Tempe Marketplace landed a couple more big-box shops — Ross and Shoe Pavilion — to add to the growing list of retailers for the $200 million shopping-dining-entertain- ment center planned for the southwest corner of the intersection of loops 101 and 202, developer Vestar said Monday.
And the company still plans to break ground in January on its largest project to date, said David Larcher, Vestar’s executive vice president. If construction begins in January, shops could be ringing up sales some time in 2006, Larcher said.
“We have every confidence we’ll be in good shape to meet our construction schedule,” he said.
Vestar previously an- nounced plans for a Harkins movie theater megaplex, which has grown from 18 to 20 screens, and Arizona’s first Dave & Busters entertainment complex in the 130-acre shopping center.
And Vestar has had Target, Old Navy, Cost Plus, Linens-N-Things, Pier 1 Imports, Best Buy, PetsMart, OfficeMax, Barnes & Noble and Michael’s on board for several months. “Now we’re almost 80 percent leased and 90 percent committed with more tenants still wanting to get in,” Larcher said.
Before Vestar can start building the stores, the company has to clean up the area because of the auto repair shops, landfills and other businesses that have used the land.
That, as much as the expected sales tax from Tempe Marketplace, is a boon for the city, which has invested heavily in the adjacent Town Lake area as a recreation destination, Larcher said.
“This is more than just another shopping center along the freeway,” he said. “It is the largest brownfield cleanup in Arizona history.” The site cleanup — expected to cost about $8 million — is already in progress, said Chris Salomone, Tempe’s deputy director of development services. But the biggest stumbling block is that Vestar and master developer Miravista Holdings don’t own all of the land. While Tempe is committed to using eminent domain to acquire the property, if necessary, that could delay the start of construction.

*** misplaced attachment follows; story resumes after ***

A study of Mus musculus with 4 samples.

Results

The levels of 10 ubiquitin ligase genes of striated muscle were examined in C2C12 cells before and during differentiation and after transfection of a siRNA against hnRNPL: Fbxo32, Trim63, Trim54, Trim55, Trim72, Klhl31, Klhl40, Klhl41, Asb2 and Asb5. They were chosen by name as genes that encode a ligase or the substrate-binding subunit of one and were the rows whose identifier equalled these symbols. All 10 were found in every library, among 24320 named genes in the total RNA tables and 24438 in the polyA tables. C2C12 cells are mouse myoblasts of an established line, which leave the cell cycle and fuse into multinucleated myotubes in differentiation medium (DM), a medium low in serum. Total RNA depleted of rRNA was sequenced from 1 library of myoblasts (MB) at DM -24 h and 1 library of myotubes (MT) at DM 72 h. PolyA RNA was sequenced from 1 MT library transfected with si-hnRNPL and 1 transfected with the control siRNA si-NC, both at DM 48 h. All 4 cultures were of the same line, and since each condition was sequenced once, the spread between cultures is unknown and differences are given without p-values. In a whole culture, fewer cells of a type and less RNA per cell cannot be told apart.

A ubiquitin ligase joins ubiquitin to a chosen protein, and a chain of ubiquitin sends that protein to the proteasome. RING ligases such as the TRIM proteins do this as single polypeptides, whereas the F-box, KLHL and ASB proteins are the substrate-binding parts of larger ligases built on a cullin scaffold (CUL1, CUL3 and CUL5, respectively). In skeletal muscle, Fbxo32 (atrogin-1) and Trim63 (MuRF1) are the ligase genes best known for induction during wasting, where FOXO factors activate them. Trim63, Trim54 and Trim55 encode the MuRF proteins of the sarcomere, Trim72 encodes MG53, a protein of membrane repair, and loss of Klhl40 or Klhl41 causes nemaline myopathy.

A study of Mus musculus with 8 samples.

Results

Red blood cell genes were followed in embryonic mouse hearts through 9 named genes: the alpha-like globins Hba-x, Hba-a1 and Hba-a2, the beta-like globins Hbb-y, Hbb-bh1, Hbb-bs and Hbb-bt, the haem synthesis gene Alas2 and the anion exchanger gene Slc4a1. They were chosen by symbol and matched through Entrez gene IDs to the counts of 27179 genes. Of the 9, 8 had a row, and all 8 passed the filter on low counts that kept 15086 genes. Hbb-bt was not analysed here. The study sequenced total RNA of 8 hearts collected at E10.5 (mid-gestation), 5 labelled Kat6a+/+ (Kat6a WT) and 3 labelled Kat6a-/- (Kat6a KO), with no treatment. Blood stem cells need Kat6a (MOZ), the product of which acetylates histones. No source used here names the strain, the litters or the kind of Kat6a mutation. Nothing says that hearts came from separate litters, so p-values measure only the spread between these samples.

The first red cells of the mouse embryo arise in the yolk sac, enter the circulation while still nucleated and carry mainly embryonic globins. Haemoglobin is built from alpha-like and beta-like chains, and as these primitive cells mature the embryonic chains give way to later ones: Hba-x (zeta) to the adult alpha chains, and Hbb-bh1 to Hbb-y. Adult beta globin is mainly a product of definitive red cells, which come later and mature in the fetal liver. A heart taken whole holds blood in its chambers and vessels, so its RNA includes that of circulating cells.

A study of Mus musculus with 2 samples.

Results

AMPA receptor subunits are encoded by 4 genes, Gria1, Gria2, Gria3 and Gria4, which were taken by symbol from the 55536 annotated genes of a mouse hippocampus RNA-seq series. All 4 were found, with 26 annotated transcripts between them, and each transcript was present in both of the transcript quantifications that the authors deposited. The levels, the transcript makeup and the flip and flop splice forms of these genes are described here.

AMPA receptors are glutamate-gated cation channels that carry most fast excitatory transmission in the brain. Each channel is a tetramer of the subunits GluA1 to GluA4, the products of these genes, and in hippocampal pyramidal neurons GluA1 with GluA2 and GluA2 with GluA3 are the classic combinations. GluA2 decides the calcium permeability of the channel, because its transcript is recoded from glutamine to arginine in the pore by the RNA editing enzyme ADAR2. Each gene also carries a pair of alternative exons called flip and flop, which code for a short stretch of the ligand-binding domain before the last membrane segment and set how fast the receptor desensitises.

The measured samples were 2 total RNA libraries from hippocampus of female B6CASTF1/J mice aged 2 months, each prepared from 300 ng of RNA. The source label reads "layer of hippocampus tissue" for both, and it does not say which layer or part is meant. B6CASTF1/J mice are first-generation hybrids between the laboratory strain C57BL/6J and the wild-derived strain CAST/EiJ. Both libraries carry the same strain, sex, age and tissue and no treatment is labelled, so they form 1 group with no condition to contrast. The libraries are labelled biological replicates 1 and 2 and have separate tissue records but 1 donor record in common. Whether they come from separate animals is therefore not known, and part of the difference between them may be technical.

Eminent domain, or condemnation, forces reluctant landowners to sell their property at fair market value.
Salomone said the developers have accumulated about two-thirds of the property, and they’re in negotiations for the remainder.
“It’s not moving along as fast as the city or the developers would like, but we’re still moving towards January (ground-breaking) as a goal,” Salomone said. Tempe and Mesa have been rushing to get competing projects on the ground first. RiverView at Dobson, on the Mesa side of the Loop 101, has landed a Bass Pro Shop and other retailers.
Retail experts have said that only one project can be developed in that close proximity and the last to start construction will lose.
But Larcher — and RiverView developers — have pooh-poohed that.
“I believe there is room for two projects here,” Larcher said Monday. He said the proof of that is that retailers continue to sign up for each site.
Tempe has already approved an incentive package for the Marketplace project. It includes sales tax rebates that will cap off at $23.3 million to $26.7 million, and an eight-year property-tax abatement once the project is completed, which could be worth an estimated $9 million.
Vestar also gets help for the land cleanup, including a $1 million federal grant and a $7 million HUD loan. Once the project is completed, Tempe gets 30 percent of the sales tax generated for the first 15 years or until Vestar hits the cap. Of the other 70 percent, a portion goes to pay off the HUD loan, and the remainder is rebated to Vestar. After 15 years, or when the Vestar and HUD obligations are paid off, Tempe gets to keep all of the sales tax revenue.